The Psychology of Communication



All I can do is assure you that the cyborg is not to be found in the realm of hypothetical eventualities and hyperbolic horrors -- it is real; it is now. Each scenario in this book encounters wearable technology; each scenario postulates a new interface, a new relationship, between the human being and technology; each scenario demonstrates how present day extensions of human ability through technology affect the shape of society; and each scenario speaks to the way we live our lives now, as opposed to the way we can expect to live our lives in some potentially disastrous future.

Steve Mann with Hal Niedzviecki, Cyborg, Page xi

I was born human.
This was merely due to the hand of fate, acting at a particular place and time. But while fate made me human, it also gave me the power to do something about it. The ability to change myself, to upgrade my human form with the aid of technology. To link my body directly with silicon. To become a cyborg -- part human, part machine. This is the extraordinary story of my adventure as the first human entering into a Cyber World; a world which will, most likely, become the next evolutionary step for humankind.

Kevin Warwick, Cyborg, Page 1

10.1 Extension Of Nervous System

Some people argue that rather than simulate natural intelligence (after all, that we already have) we should supplement natural intelligence with artificial intelligence. That is, we should shift emphasis from Artificial Intelligence (AI) to Intelligence Amplification (IA), from Simulation and AI (the focus of the last chapter) to Mediation and IA (the focus of this chapter).

Mountaineers scale mountains because they are there; psychologists study people because we are here. How did we get here? The theory of evolution explains only how we got to a hunter-gatherer society. The recent shifts from a hunter-gatherer society to an agricultural society to an industrial society to an information society have taken place in too short a time to be explained by the theory of evolution. Historical time is too short for the mechanisms of evolution to have much effect. It takes 500-1,000 generations for a survival-enhancing adaptation to become genetically encoded and we have had only about 100 generations since the birth of Jesus Christ. It is unlikely then that there is much genetic difference between our hunter-gatherer ancestors and you and I.

Alfred Russel Wallace had discovered the principle of natural selection at the same time as Darwin. Indeed, he published the same theory in the same issue of the same journal. He does not get as much credit as Darwin because he subsequently abandoned the theory. He could see no way in which adaptation to a hunter-gatherer society could explain the sophisticated modern mind.

How could a species, which evolved by adapting to a hunter gatherer society, deal with the dramatic shifts to an agricultural society, then to an industrial society, and now to an information society? This chapter presents one solution to this Wallace Paradox. During historical time, we have extended our nervous systems by developing tools for storing and transmitting information outside our bodies. The story of how we acquired those extrasomatic tools is the history of media. Thus, the history of media could be considered as a sequel to the theory of evolution. I've presented the history of media within this evolutionary framework in another book [GARDINER 2002]. Here is a condensed version of that book.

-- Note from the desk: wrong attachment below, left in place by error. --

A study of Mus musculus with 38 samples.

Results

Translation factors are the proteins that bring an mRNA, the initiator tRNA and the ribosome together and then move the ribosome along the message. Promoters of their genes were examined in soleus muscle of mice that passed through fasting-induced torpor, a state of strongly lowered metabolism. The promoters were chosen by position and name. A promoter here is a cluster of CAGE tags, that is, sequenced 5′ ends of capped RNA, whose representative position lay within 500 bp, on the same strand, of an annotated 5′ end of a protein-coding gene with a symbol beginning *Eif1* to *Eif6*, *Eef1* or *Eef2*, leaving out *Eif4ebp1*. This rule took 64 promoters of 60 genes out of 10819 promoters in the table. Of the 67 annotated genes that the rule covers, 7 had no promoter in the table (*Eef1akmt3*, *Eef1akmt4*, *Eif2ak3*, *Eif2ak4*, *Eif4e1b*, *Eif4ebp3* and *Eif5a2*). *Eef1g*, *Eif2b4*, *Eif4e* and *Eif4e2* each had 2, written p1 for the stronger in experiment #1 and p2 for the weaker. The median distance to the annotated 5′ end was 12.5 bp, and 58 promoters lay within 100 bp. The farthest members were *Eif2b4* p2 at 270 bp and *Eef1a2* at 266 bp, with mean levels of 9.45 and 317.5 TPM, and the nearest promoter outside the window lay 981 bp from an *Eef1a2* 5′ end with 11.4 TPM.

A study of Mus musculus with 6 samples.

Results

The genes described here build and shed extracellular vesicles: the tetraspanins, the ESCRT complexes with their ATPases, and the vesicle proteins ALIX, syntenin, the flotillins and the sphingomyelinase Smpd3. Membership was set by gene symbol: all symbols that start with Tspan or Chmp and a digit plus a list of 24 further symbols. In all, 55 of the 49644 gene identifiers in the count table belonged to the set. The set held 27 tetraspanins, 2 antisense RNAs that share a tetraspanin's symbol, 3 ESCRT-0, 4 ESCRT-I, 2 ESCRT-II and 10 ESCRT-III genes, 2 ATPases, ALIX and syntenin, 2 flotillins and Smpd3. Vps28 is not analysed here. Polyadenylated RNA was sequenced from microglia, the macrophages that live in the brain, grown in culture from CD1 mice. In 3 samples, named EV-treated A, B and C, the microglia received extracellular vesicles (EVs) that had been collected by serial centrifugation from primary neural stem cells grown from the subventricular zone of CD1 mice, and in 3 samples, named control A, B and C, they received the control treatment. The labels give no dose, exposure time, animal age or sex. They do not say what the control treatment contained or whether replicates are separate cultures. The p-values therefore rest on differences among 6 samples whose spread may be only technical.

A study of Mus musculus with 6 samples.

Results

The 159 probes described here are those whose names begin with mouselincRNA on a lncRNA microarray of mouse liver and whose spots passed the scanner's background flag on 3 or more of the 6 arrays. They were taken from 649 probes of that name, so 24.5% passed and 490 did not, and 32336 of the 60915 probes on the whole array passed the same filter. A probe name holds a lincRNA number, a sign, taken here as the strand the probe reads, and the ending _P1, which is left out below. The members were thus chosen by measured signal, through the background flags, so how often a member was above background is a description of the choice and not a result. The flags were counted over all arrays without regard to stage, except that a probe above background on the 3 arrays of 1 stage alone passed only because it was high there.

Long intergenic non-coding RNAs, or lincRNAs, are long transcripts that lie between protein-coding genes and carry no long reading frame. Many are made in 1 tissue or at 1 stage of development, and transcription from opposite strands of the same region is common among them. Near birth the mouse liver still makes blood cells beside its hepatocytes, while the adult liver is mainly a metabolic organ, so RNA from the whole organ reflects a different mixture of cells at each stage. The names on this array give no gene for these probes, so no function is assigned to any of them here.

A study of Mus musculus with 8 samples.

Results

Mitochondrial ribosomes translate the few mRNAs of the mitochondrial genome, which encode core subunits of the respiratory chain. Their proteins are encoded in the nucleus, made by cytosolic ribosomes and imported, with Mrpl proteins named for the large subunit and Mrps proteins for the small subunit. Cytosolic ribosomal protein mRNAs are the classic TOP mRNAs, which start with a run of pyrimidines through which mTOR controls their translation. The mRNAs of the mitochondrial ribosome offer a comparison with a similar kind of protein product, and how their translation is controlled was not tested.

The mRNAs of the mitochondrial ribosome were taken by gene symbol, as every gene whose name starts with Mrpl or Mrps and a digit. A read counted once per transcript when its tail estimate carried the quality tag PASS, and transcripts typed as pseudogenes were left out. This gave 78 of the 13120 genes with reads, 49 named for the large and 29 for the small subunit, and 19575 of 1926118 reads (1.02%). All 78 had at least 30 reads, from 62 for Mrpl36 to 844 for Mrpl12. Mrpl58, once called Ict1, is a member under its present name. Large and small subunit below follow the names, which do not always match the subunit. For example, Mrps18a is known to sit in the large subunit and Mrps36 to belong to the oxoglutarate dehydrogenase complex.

At the moment the sperm of our fathers met the ova of our mothers to create the zygote, the single cell which became us, Zog and Anu (our hunter-gatherer ancestors) and you and I were all given the conception-day gift of all the wisdom our species has accumulated over thousands of years of survival in a harsh arena plus three score and ten years to add our footnote to this wisdom. We were born wise. An important part of the conception-day gift is a means of storing information (memory) and a means of transmitting information (speech). Since a medium can be considered as any means of storing and transmitting information, Memory and Speech could thus be considered as the first generation of media.

This first generation of media is adequate for a hunter-gatherer society. We managed the transitions to an agricultural society, an industrial society, and now an information society over historical time by supplemented this first generation of media with three further generations of media. We have developed means of storing and transmitting information outside our bodies. We learned to store information outside our bodies in print and on film (second generation), to transmit information outside our bodies with telephone and television (third generation), and to both store and transmit information outside our bodies in multimedia and internet (fourth generation).

Carl Sagan distinguishes between tools which are outside the genetic code (extragenetic) and tools which are outside the body (extrasomatic) [SAGAN]. Since the storage and the transmission of information can be either extragenetic or extrasomatic, the four generations of media can be represented by the 2x2 matrix in Figure 10-1.

Note then that the development of media parallels the development of the person from animal to human (see Chapter 5) and from child to adult (see Chapter 6). It is a process of continuous discontinuity - continuous with respect to function (communication) and discontinuous with respect to structure (different media emerge in each generation).